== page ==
QUEEN'S ROAD: Theatre practitioners might soon be covered under the government’s Yashaswini health insurance, with a cooperative society representing them beginning operations.
The Bengaluru Rangakalavidara Vividhopadesha Sahakara Sangha (translation: Bengaluru Theatre Artistes’ Multi-purpose Co-operative Society) was formed last year after the government announced its health scheme would be extended to include urban cooperatives.
“Theatre artiste B Jayashree (now a member of parliament) suggested we start something like this. Not just actors and directors but anyone who has worked in theatre, on stage, or behind the scenes, can benefit from it,” says Shashidhar Adapa, president of the society and well-known art director and sets designer.
Members who have no other medical insurance and their families (up to four people) are eligible to apply for Yashaswini cards through the society.
“The government is thinking of revising the rates in March. Members can pay and apply soon after that,” says vice-president and theatre director G K Gundanna.
Though healthcare is its primary objective, the society, with a share capital of Rs 21 lakh and over a thousand members, hopes to bear diverse mantles.
“We are thinking of starting a pharmacy, and also run canteens and supply props. We could take government-run halls for lease and help maintain them well, the way P D Sathish Chandra has done with K H Kalasoudha,” says Adapa.
Gundanna adds that maintaining such venues will help create centres for theatre across the city. “People say theatre doesn’t have enough of an audience. In reality, what it doesn’t have are well-equipped venues. There’s only one in the whole of Bengaluru — Ranga Shankara,” he says.
Earlier, there were fewer professionals, but now more artistes choose to depend on theatre for a livelihood, observes Gundanna.
“In our day, most of us had other day jobs. Now six out of 10 depend only on theatre. While this is good, it also makes it harder for them,” he observes.
However, when it comes to lending money, he feels the board would have to exercise caution. “We have to see if borrowers have the means to return it. Otherwise, either we go into debt or they find themselves in deep trouble. We have to find a balance between the cause and the sustenance of the organisation,” he says.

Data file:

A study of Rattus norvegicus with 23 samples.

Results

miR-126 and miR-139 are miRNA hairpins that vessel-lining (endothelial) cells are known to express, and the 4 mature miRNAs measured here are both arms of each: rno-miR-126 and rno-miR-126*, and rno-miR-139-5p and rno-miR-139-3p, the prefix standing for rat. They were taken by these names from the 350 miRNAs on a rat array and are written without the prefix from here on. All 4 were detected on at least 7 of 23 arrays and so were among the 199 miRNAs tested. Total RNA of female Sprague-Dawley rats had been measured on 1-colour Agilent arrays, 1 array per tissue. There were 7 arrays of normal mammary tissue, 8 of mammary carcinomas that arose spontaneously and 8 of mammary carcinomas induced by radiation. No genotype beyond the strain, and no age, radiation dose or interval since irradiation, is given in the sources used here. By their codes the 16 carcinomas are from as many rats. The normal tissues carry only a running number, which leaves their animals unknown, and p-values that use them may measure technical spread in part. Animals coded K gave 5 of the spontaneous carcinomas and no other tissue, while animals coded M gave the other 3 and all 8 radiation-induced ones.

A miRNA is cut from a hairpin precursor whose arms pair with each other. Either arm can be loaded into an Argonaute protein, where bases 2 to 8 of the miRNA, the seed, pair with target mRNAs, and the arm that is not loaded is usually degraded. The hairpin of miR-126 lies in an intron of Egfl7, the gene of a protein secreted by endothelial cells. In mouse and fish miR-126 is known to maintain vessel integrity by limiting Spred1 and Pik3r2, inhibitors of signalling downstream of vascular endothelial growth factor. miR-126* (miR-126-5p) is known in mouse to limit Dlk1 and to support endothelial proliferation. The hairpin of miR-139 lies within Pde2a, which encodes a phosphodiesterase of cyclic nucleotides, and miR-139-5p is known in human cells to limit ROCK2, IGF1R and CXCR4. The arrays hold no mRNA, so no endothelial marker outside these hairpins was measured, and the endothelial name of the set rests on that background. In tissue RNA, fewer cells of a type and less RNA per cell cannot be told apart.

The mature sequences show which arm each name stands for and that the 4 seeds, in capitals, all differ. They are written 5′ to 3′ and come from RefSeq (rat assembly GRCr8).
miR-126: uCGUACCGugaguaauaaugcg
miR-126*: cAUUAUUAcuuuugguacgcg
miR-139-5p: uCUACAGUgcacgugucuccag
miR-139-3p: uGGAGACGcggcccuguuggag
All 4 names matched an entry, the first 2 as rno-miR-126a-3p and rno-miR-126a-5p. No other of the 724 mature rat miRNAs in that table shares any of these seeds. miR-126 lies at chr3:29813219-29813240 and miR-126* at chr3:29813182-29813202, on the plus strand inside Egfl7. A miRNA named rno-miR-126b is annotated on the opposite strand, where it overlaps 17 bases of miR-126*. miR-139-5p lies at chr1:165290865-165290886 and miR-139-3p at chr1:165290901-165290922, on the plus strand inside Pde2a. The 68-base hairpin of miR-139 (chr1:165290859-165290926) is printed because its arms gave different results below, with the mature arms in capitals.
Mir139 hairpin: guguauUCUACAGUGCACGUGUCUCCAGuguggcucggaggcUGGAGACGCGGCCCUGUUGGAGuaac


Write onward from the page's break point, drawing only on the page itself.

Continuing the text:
Some well-known artistes have been on the streets when struck by illness and old age. “Theatre is a creative profession. There is no permanency to it,” Adapa says, adding that the community has managed to raise enough to support most ailing artistes so far. “All said and done, a body like this will be a comfort to many,” he says.
Adapa, Gundanna and a few others from the board of 19 directors have also been part of two other earlier attempts at establishing a body like this.
“Unfortunately, neither took off. So we are happy that we’ve become a registered body. I don’t know about the rest of India, but it’s probably the first of its kind in Karnataka,” Adapa says.
Gundanna feels proud that they crossed the target of 1,000 members and Rs 20 lakh in share capital in a month. Offers to help poured in from unexpected quarters, the two recall. “Non-theatre practitioners were willing to buy shares — an offer we didn’t take up — and many officials and ex-officials, including a former registrar of cooperative societies, lent a helping hand,” Adapa says.
He feels the body could address other collective concerns. “Those who work in the film industry are considered unorganised, but all of them have to be part of the film federation. In theatre, we are unorganised too, but we haven’t had a body to voice our problems, and fight for our rights. Soon, through this society, and perhaps a bunch of others from other regions, we might be able to form a nodal agency to do that,” he says.
Artistes from Mysuru and Dharwad have also floated the idea of cooperative societies in their cities. Meanwhile, the Bengaluru sangha needs office space, and is looking for one near Ravindra Kalakshetra.